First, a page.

The Air Jordan I, and its storied endorsee, have been a part of some iconic NBA moments. These are the best of the best.
63 Points in Boston
April 20, 1986
Larry Bird is one of the best players ever. There were very few things he couldn’t do on the court. His words, especially in 1986 when he led the Celtics to the ’chip, carried weight. And on the night that Michael Jordan tore down the Boston Garden for 63 points, Bird summed things up perfectly.
“I think he’s God disguised as Michael Jordan,” Bird told reporters after the game. “He is the most awesome player in the NBA. Today in Boston Garden, on national TV, in the playoffs, he put on one of the greatest shows of all time.”
It was an awe-inspiring showing of basketball. It was a crack in the status quo for on-court uniforms. MJ showed up with his usual gear—white sweatband on his left forearm, black knee pad on his left knee and chunky white socks. Instead of playing in the Air Jordan II, though, he wore the “Chicago” I.
Bird, Danny Ainge and Dennis Johnson had no shot at slowing him down. He relentlessly attacked the rim. He was faster and stronger and more ruthless than the Cs. And yeah, the Bulls lost in overtime, but Michael had made a statement. He was ready for the spotlight.
Last Game with the Bulls at MSG
March 8, 1998
Michael knew it was primetime. Like a great performer, he was ready to put on a show for his last game at the Garden. “It’s like stepping on a stage,” Jordan told NBC Sports about playing at MSG.
He brought an OG pair of “Chicago” Air Jordan Is from 1985 with him for his final act.
“It’s been a long time since I wore them,” he said after the game. “It’s kind of fun to come back here and play and remember some of the old days, some of the games that I’ve had here. The shoes are a part of that. My feet are killing me, but it was fun,” he laughed.
His Airness came into the League wearing a 12.5 sneaker but he changed into a 13.5 as the years went on. Even wearing the smaller size, MJ went to work. He hit two amazing layups and nailed classic fadeaways en route to a 42-point performance, rounded out by 8 rebounds and 6 assists.
The Garden gave him a roaring ovation when he checked out of the game, with a Bulls win locked up. He sat on the bench afterward, for a few moments, with the laces of his first signature sneaker undone.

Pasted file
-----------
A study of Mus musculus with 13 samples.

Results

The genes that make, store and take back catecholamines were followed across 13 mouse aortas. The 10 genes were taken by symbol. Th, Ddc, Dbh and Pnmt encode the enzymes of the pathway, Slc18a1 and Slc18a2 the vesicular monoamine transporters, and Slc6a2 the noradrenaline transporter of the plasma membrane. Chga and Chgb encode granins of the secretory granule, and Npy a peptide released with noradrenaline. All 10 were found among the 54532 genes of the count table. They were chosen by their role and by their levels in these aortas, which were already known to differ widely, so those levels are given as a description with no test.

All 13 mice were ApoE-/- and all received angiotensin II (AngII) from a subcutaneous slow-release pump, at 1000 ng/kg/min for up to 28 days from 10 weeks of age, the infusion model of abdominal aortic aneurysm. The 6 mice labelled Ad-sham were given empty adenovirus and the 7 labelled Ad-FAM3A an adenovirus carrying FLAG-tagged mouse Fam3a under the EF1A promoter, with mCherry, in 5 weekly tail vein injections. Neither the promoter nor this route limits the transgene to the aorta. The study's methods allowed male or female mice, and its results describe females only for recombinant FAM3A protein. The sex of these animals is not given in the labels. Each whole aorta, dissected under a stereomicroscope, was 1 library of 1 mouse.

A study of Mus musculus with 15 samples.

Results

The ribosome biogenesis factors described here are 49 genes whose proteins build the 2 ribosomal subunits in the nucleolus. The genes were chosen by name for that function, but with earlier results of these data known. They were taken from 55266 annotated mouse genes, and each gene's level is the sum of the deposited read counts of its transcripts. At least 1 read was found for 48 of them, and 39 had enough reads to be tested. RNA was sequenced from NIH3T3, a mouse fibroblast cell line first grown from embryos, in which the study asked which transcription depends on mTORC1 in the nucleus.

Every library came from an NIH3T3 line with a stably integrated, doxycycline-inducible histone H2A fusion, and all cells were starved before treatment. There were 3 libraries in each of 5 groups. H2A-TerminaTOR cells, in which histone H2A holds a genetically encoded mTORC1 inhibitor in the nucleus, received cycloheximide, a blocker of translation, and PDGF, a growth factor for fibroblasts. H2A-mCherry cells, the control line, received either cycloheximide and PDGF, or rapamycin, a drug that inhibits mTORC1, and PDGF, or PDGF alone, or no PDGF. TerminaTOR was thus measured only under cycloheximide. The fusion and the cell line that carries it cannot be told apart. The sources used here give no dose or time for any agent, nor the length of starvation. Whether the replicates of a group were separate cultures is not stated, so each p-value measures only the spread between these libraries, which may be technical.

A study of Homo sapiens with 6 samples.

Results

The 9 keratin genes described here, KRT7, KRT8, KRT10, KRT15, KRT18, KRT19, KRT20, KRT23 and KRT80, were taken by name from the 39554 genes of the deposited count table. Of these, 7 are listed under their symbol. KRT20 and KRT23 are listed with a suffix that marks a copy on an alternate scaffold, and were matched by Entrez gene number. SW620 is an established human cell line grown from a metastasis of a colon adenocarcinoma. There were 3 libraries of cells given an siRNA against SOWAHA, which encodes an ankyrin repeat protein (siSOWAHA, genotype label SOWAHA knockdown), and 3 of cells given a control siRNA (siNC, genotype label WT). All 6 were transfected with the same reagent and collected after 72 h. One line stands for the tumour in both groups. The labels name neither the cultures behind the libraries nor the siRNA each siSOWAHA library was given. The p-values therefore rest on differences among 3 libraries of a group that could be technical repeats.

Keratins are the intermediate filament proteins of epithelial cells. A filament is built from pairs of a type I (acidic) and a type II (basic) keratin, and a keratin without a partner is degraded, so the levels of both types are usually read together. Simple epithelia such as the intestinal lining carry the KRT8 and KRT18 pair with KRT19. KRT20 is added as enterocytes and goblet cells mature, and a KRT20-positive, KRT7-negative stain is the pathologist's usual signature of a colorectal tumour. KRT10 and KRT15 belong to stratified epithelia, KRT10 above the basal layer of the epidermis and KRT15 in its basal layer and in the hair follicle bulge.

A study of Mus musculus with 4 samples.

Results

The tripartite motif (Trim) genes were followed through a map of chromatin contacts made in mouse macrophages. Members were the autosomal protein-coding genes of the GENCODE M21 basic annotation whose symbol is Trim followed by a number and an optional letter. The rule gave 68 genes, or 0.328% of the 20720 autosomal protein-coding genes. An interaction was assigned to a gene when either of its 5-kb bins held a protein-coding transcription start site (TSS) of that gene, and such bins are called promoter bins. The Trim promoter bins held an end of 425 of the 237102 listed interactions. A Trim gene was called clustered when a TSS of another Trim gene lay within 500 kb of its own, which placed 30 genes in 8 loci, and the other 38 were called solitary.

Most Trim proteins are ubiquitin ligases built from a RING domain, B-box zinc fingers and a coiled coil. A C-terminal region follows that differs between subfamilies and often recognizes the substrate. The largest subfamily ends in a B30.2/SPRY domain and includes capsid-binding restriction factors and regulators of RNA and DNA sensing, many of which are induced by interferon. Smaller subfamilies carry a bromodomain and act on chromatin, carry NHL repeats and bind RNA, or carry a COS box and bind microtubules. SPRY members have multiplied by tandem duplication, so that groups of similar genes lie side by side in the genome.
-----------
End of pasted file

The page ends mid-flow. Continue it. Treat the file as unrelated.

’85 Dunk Contest
February 9, 1985
He wasn’t even wearing his uniform at first. Mike had drip long before drip was a thing. The “Bred” Is, white socks and black and red sweats started the fit. A black shirt with the sleeves cut off, a red pinny on top of that and gold chains finished it off.
There was the jumping ability. The skill level, the ease, the style. The rookie was different.
Though he narrowly lost the contest to Dominique Wilkins, MJ took to the skies for dunks that saw him swinging in mid-air, helping young fans dream about flight. His legs were flailing out in different directions, his chains were shining against the lights in the Hoosier Dome in Indianapolis. He was making 360-degree slams look effortless.
He finally wore his Bulls threads to put down his illustrious “Rock the Baby” dunk, followed by an up-and-under one-hander. Then he soared from just inside the free-throw line and punctured the rim. It looked like the “Breds” were floating. Air Jordan for real.
49 Points Against the Pistons
February 12, 1985
1985 All-Star Weekend. Isiah Thomas allegedly organized a freeze-out against Michael Jordan, telling fellow All-Stars like George Gervin not to pass the ball to him and making sure Magic Johnson constantly attacked him, forcing him to play defense. Mike was fuming. He ended up with just 7 points in his ASG debut, shooting 2-9 from the floor.
Fallout from the freeze-out followed the rookie around immediately. Both he and Thomas denied anything happened, with MJ telling the Chicago Tribune he wasn’t aggressive enough and Thomas talking about how much respect he already had for No. 23.
As luck would have it, the first game after the All-Star break featured the Bulls and Pistons squaring off in Chicago. Michael, in a pair of “Chicago” Is, entered the zone. He hit the Bad Boys for 49 points, endlessly bullying his way to the rim.
It was a moment of truth for Jordan, one of the first times he showed the League that his will was monumentally stronger than anyone had realized. There he was, in his signature sneakers, flying up to the rim, throwing down two poster dunks and leading his squad to an overtime win. Cold as ice. Just about freezing.